We are back from and have had time to digest the amazing about of information exchanged at last week’s Precision Medicine Institute convention on September 12 and 13 in Nashville. We were so enthused by the topic and the people putting it on, that we signed up early as sponsors.
I explained the importance of such a conference in my last blog, and while all of us at U.S. HealthTek are busy following up on everything that happened there, I wanted to give a brief report on the happenings.
It was a good conference that was extremely well-attended. That’s impressive, especially considering it was the first one held by our industry. It certainly exceeded everyone’s expectations. One of my biggest takeaways from the conference is that now that we have the human gene sequenced, we need to use the data to understand the relationship between a human gene and medication efficacy. We were told that 50 percent of prescribed meds are not effective and that there are hundreds of thousands of deaths each year from prescriptions that cause bad reactions in patients.
So it’s a serious topic, and one I believe our industry needs to step up for, because there is no question that data plays a big part in the equation. Yet the volume of data is huge and is far from being fully mined. We knew this going in, but it was made all the more clear in the seminars and talks by day, and from the conversations had by the professionals who gathered there by night. The researchers need the data in order to do the studies that change the way medicine is practiced. When a doctor is going to prescribe a drug, knowing how it will react with the person by looking at their genes before he/she prescribes it could potentially save thousands of lives.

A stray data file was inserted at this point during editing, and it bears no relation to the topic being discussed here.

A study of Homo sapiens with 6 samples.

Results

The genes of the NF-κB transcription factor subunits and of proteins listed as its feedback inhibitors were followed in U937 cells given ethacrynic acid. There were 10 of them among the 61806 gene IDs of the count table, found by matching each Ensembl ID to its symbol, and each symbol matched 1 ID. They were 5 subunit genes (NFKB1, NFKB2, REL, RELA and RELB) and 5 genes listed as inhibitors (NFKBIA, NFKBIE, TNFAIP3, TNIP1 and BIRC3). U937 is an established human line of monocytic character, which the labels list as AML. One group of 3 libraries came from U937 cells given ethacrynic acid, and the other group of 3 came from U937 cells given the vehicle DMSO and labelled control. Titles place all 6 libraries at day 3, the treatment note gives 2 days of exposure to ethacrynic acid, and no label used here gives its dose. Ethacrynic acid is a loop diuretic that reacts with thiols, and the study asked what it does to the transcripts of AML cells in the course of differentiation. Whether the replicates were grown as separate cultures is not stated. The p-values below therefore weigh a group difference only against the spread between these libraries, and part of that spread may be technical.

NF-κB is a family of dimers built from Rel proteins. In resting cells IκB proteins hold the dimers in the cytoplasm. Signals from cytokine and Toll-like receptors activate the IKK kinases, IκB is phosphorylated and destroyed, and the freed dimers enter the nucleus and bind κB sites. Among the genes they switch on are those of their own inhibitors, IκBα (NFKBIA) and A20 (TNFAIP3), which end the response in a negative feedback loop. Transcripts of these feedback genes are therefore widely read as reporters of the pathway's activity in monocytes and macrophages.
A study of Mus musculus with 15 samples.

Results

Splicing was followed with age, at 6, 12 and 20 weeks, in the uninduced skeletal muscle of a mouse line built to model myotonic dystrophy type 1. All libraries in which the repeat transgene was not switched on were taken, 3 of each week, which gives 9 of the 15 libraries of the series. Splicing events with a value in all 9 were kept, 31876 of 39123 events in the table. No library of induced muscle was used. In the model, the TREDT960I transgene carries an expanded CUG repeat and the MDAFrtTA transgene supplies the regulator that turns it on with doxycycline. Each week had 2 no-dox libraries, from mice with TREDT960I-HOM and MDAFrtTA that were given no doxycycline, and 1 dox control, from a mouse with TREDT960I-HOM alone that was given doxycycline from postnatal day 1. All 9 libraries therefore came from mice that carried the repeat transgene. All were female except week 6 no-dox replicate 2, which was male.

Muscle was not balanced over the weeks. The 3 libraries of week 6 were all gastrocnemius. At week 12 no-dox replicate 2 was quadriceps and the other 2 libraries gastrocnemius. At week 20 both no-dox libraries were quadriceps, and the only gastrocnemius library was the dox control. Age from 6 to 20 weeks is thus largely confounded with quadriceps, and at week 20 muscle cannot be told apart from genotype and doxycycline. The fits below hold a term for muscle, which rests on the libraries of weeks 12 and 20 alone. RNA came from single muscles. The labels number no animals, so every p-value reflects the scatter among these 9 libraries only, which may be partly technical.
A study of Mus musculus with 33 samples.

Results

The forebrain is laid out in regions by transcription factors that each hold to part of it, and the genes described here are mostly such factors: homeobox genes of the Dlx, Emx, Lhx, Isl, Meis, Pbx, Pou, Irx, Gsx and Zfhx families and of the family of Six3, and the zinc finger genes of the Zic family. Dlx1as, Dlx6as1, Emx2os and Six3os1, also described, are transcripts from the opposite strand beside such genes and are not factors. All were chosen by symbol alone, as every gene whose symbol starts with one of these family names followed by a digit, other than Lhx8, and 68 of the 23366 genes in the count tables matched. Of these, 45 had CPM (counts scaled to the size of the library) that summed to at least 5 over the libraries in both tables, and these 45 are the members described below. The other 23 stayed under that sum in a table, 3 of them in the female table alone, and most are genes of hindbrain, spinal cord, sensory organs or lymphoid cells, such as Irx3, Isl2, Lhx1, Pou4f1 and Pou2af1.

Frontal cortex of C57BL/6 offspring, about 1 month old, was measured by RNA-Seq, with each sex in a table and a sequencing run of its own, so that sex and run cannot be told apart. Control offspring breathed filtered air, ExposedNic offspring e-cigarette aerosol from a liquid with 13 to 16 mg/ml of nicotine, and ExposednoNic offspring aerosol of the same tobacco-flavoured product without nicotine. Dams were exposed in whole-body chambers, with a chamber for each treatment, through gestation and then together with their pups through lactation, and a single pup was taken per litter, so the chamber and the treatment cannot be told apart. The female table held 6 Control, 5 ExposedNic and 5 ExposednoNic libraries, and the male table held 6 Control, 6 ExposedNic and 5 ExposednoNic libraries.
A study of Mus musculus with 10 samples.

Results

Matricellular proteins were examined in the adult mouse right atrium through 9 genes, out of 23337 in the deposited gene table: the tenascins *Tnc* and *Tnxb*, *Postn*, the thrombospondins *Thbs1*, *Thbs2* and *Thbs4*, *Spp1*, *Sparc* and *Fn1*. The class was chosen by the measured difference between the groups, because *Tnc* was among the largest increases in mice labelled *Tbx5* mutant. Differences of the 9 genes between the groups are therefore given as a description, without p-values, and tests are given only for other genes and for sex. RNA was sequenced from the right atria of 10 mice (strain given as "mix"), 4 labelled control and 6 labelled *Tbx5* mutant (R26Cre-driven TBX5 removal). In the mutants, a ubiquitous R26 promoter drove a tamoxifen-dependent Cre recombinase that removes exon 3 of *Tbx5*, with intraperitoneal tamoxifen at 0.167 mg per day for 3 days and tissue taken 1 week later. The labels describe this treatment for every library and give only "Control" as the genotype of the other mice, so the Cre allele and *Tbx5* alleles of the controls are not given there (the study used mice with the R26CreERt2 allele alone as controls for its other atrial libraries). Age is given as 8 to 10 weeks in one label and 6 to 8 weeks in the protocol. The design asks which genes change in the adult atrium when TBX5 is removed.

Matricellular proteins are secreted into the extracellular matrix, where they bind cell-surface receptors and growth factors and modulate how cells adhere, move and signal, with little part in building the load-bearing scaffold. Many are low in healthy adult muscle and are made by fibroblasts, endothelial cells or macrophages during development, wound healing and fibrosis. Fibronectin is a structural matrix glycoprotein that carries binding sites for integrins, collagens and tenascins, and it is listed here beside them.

Another challenge is how do you get this data to all the physicians at the time they are prescribing? The medical industry is already challenged to deliver basic info like getting the patients’ full medical records to the doctor efficiently and accurately … so it can all be overwhelming, but that doesn’t mean we can shirk from the enormity of the responsibility.
Then there are the legal challenges which, in the general field of genetic engineering, are already well-documented. If a doctor has access to a patient’s gene sequencing data, is he/she bound by law to use the information in advance of treatment? Think about 23 and Me and ancestry.com; people get this sequencing done now and the usage is growing. If the patient wants it included in their patient record, what is a doctor supposed to do with it? They already have issues remembering all the potential gene/drug interactions.
It’s a lot to shoulder, but it’s where medicine is going, and we are excited to be part of this new field.
On a personal note, we were glad to get some time to sit down with the Dark Report’s Robert Michel and exchanges thoughts and observations on our industry as a whole, and we’re looking forward to doing more together. Otherwise, everyone there was friendly and incredibly engaged. We look forward to another such conference on this extremely important topic happening again. You can bet we will be there.